Learning the lessons of 9/11


Thanks to the mobile phone, communications are of course, a lot easier than they used to be and cellphones often provide a lifeline for rescue workers and loved ones.

One of the most poignant memories of 9/11 was the final cellphone calls made by passengers onboard the hijacked aircraft. But 9/11 also revealed the big weakness of cellular networks – that they were never designed with disasters in mind.

In Manhattan, the cellular infrastructure collapsed after the attacks because the huge increase in calls overloaded networks already weakened by the loss of more than 14 cellular base stations. For those all-important first few hours after the attacks, New York was plunged into a communications blackout.

A notable exception was the Mobitex wireless data service and New Yorkers frantically pecked out messages on their BlackBerry handheld devices.

Originally developed for public safety applications, the 10-year-old Mobitex network found a new consumer market due to the BlackBerry, although technology has moved on and today's BlackBerry devices mostly use newer high-speed cellular networks. Mobitex may be slow compared with newer networks and it does not support voice, but its advantage is its robustness, as demonstrated during 9/11.

“Mobitex has shown its mettle in these kinds of environments, because it keeps operating when other networks do not,” says Richard Donnelly, vice president for engineering at Velocita Wireless, which last year acquired the Mobitex US network from Cingular Wireless.

Through the terrorist attacks and during the resulting surge in traffic, Cingular kept the Mobitex network running despite losing many base stations in Manhattan.

Cingular also provided BlackBerry devices to rescue workers from the New York Police Department and other authorities, allowing them to communicate when other networks were down or overloaded.

After 9/11, police and fire departments as well as federal authorities signed up for BlackBerry devices running on the Mobitex network. The US House of Representatives also decided to equip all of its members with the devices.

According to Mr Donnelly, Mobitex kept running during 9/11 while others failed because it is better suited to emergency use. It is a data-only technology and so does not have to share precious bandwidth with voice. Also, it does not matter if an e-mail gets delayed a few seconds because of heavy network congestion. If the message cannot be sent immediately it is queued and sent later.

The latest enhancement to Mobitex extends on this idea by allowing the network operator to prioritise traffic in an emergency based on different classes of service.

Velocita has also developed a GPS tracking device that uses Mobitex to communicate the location of firefighters and other “first responders”.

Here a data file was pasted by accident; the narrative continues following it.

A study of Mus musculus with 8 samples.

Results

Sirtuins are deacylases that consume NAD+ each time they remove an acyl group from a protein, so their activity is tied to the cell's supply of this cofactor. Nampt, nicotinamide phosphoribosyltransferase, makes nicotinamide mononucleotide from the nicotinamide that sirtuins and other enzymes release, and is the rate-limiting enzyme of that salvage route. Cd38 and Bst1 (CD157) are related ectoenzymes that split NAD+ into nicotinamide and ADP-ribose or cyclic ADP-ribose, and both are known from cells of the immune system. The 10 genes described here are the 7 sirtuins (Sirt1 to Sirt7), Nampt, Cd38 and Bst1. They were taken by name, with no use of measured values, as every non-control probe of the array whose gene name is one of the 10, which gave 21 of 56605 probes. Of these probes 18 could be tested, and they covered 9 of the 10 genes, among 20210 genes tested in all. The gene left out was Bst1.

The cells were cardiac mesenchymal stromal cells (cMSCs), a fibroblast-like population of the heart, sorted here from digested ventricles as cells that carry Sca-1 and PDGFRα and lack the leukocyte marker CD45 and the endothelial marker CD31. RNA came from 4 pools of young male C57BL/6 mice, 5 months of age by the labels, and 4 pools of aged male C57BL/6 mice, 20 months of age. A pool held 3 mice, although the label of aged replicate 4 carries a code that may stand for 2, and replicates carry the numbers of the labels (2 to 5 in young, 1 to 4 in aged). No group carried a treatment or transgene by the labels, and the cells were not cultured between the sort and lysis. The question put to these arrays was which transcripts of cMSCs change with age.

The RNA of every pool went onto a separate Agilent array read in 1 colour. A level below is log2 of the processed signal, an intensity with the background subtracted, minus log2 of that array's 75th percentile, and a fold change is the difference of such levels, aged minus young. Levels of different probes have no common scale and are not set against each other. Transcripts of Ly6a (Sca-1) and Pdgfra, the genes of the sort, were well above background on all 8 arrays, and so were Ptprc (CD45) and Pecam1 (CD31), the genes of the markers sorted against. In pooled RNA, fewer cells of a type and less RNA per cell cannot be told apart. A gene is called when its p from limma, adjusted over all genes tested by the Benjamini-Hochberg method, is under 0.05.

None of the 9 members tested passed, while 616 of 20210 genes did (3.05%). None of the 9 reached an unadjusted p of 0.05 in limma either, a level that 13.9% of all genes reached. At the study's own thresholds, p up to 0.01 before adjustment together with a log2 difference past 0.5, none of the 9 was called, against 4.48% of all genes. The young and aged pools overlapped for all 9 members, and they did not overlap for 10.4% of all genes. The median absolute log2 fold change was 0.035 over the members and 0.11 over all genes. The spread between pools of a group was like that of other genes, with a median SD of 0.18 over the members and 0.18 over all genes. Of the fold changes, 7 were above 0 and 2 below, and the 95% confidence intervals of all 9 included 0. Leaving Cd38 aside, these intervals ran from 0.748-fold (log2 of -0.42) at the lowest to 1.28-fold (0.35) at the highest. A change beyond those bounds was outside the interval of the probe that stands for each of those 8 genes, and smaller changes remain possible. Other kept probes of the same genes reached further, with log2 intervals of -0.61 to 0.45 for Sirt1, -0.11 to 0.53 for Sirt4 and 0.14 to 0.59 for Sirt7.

In spite of these enhancements, there are no plans to address Mobitex' biggest drawback, namely its slow speed – 12.5 kilobits per second. “We looked at increasing bandwidth but it involves too many trade-offs and so we have chosen to focus on the types of [low-speed] application that Mobitex does best,” says Mr Donnelly. “First responders need a set of solutions, some can be done with narrowband while for others wireless broadband has to to be used.”

Falling in the latter category are applications such as remote surveillance, chemical and biological weapons detection, bomb squad support and video feeds from helicopters.

These applications might seem like something out of Mission Impossible, but some are already reality. During President Bush's recent inauguration, Secret Service officials used broadband wireless to transmit video images from surveillance cameras scattered around Washington.

“They had never been able to do this before,” says Robert LeGrande, deputy chief technology officer for Washington DC.

The federal capital has built what it claims is the first citywide deployment of a broadband wireless network dedicated to public safety. The showcase network, built using technology from US vendor Flarion Technologies, is designed to provide high-speed video, audio and data feeds to first responders, as well as support more esoteric users such as the Secret Service and hazardous materials (hazmat) teams.

Mr LeGrande says hazmat people want to use the network for “plume projection” – predicting the fallout of dangerous substances based on data from biological sensors and weather data. Using the broadband network, the plume projections can be sent as moving images to emergency workers carrying laptops equipped with a Flarion data card.

The Washington pilot of the Flarion technology currently covers 12 sites but such is the interest in this technology that the city has funding of $100m to extend it to 300 sites covering the entire metropolitan area.

Nevertheless, Mr LeGrande says broadband wireless is still very new and Washington has not ruled out using other technologies, such as WiMax or CDMA EV-DO for this expansion.